For the first time since the completion of construction in San Clemente, there are no current industrial vacant availabilities in either the Rancho San Clemente or Talega business parks.
This has never happened before.
The few properties that are still showing up on the public listing services are in escrow, under lease contract negotiation, or simply old and waiting to be removed.
As of today, every single industrial space is accounted for, with someone already occupying or in the process of completing the paperwork to occupy.
I can’t believe this is where we are now. Last year, the apocalyptic predictions were that every business property would be vacant, with unwanted property languishing for maybe years before business bounced back.
This current situation has instead created the opposite, and unforeseen, problem. Many companies are seeing astronomical growth, but there are no active listings in the area, and they feel like they have no options.
Recently, one of my clients faced this exact dilemma. His materials technology company has successfully operated in San Clemente for more than 15 years. Rising demand and a global shift to digital interactions have seen his business boom exponentially over the past 18 months.
Knowing a major shortage of available property was going to be a problem, he asked me to begin the hunt for a larger location to match his much-expanded needs.
Together, we patiently searched and negotiated with various property owners, trying to do anything possible to get his company into a new building locally.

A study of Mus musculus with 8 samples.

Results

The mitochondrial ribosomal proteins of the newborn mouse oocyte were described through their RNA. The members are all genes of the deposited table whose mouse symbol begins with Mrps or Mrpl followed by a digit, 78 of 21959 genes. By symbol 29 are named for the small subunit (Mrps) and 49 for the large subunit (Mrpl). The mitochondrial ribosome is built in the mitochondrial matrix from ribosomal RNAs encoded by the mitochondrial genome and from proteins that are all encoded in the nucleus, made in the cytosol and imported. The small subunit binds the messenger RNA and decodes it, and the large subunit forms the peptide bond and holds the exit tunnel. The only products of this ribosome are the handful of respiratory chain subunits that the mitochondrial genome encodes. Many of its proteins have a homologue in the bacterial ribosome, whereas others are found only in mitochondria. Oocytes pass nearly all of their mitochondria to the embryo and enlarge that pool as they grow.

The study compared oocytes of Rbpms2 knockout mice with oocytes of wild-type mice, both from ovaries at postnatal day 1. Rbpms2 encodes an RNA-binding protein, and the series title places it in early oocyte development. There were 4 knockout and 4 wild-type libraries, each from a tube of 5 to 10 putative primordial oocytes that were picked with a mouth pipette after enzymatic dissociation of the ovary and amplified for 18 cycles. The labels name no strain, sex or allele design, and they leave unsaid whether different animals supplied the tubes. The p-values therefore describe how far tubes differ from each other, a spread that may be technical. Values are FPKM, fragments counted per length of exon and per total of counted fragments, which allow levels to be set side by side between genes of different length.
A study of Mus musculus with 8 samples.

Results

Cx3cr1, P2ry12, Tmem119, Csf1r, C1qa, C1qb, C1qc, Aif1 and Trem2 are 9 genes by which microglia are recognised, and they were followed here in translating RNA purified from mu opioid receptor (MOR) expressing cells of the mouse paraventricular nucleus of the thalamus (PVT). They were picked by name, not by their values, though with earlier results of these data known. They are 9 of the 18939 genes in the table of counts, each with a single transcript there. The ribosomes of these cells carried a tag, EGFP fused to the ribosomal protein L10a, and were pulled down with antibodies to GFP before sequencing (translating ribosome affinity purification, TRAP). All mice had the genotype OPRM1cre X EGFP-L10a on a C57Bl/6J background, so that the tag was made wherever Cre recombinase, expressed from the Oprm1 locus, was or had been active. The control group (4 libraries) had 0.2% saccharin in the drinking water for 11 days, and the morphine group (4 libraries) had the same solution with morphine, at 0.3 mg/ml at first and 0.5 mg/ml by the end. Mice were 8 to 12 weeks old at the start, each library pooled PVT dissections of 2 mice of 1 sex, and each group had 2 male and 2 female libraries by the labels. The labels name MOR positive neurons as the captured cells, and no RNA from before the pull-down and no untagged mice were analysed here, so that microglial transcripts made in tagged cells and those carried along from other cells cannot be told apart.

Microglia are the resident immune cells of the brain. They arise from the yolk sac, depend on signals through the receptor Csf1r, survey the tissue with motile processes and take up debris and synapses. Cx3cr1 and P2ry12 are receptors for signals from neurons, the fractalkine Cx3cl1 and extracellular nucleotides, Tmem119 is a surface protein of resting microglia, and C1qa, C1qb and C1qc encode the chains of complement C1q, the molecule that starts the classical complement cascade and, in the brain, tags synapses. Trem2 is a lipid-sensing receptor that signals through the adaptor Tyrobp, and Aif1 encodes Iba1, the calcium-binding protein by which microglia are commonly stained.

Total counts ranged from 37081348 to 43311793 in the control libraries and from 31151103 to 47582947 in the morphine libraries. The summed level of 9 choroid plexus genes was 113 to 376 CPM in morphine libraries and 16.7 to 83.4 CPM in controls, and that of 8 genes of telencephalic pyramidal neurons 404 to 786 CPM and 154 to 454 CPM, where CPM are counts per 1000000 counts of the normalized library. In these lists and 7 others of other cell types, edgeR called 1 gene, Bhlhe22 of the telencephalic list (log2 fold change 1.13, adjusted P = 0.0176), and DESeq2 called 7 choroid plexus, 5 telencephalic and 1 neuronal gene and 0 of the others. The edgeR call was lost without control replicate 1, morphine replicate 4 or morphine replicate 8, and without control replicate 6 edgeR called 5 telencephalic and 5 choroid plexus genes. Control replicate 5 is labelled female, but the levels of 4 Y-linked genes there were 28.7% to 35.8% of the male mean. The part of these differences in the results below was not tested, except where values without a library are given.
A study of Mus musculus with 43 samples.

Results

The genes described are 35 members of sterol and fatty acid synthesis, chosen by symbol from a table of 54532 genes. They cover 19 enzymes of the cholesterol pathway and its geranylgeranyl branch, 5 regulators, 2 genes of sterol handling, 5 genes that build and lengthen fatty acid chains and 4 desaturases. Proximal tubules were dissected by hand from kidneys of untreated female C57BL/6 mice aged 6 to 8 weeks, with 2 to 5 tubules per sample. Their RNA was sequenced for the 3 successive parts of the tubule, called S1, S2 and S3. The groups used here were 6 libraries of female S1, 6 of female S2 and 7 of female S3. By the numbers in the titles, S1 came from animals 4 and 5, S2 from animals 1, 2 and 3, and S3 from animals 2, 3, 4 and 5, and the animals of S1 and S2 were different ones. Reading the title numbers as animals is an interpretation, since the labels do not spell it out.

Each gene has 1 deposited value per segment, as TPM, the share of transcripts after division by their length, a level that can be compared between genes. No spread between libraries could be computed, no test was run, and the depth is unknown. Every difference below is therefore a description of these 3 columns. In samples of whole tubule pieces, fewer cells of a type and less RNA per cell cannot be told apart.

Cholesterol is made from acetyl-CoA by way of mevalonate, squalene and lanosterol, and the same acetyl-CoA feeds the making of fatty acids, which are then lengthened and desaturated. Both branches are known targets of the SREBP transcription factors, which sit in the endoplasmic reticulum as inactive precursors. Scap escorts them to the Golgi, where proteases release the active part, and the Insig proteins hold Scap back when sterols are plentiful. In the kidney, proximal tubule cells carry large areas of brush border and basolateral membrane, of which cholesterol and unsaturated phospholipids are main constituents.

A long battle against the headwinds of California business policies had already taken a toll on my client leading up to this shortage of commercial real estate. He expressed his frustration that he was growing as fast as he could to make progress in the face of a system that felt like it doesn’t want him or his business anyway.
My client became so exasperated by the shortage of industrial space here at home that he has decided to pursue better luck and bigger vacancies in Texas.
Ironically, this sort of event will create a vacancy for someone else to backfill. It’s too bad that business owners feel they must resort to more and more extreme efforts because of the missing inventory in town.
If only there were a couple parcels of land left in the RSCBP that could be turned into business locations for many, many, small businesses. Has anyone heard about such a space somewhere?
In essence, our local businesses are reaching a strangulation point, that I believe to be dire. While the last year and a half has shown humanity’s tenacity, which I’ve found inspiring, we’re now faced with a new crisis of unexpected surprises.
With our small beachside town optimally packed, and the business park full, my client and his neighbors have nowhere to grow, despite the exploding successes they’ve seen.
I’m saddened to see this develop and wonder how many more of my friends will follow suit, as he’s not the first, and I fear won’t be the last domino to fall to the Lone Star state, where there’s plenty of room.
This may be the first and last column the San Clemente Times, the Chamber of Commerce, and my wife allow me to write after this hits the streets, but I hope to see you again next time and wish you continued success, patience, and luck on your business journeys.
Jim Wynne, a San Clemente local, San Onofre Surfing Club president, and father of five, serves as chairman for the San Clemente Chamber of Commerce. He is a two-decade veteran in the commercial real estate industry, and as president of WynneCRE, he has shown his dedication to helping small businesses with their real estate needs and protecting San Clemente’s small-town interests through active community participation and reporting on business news topics.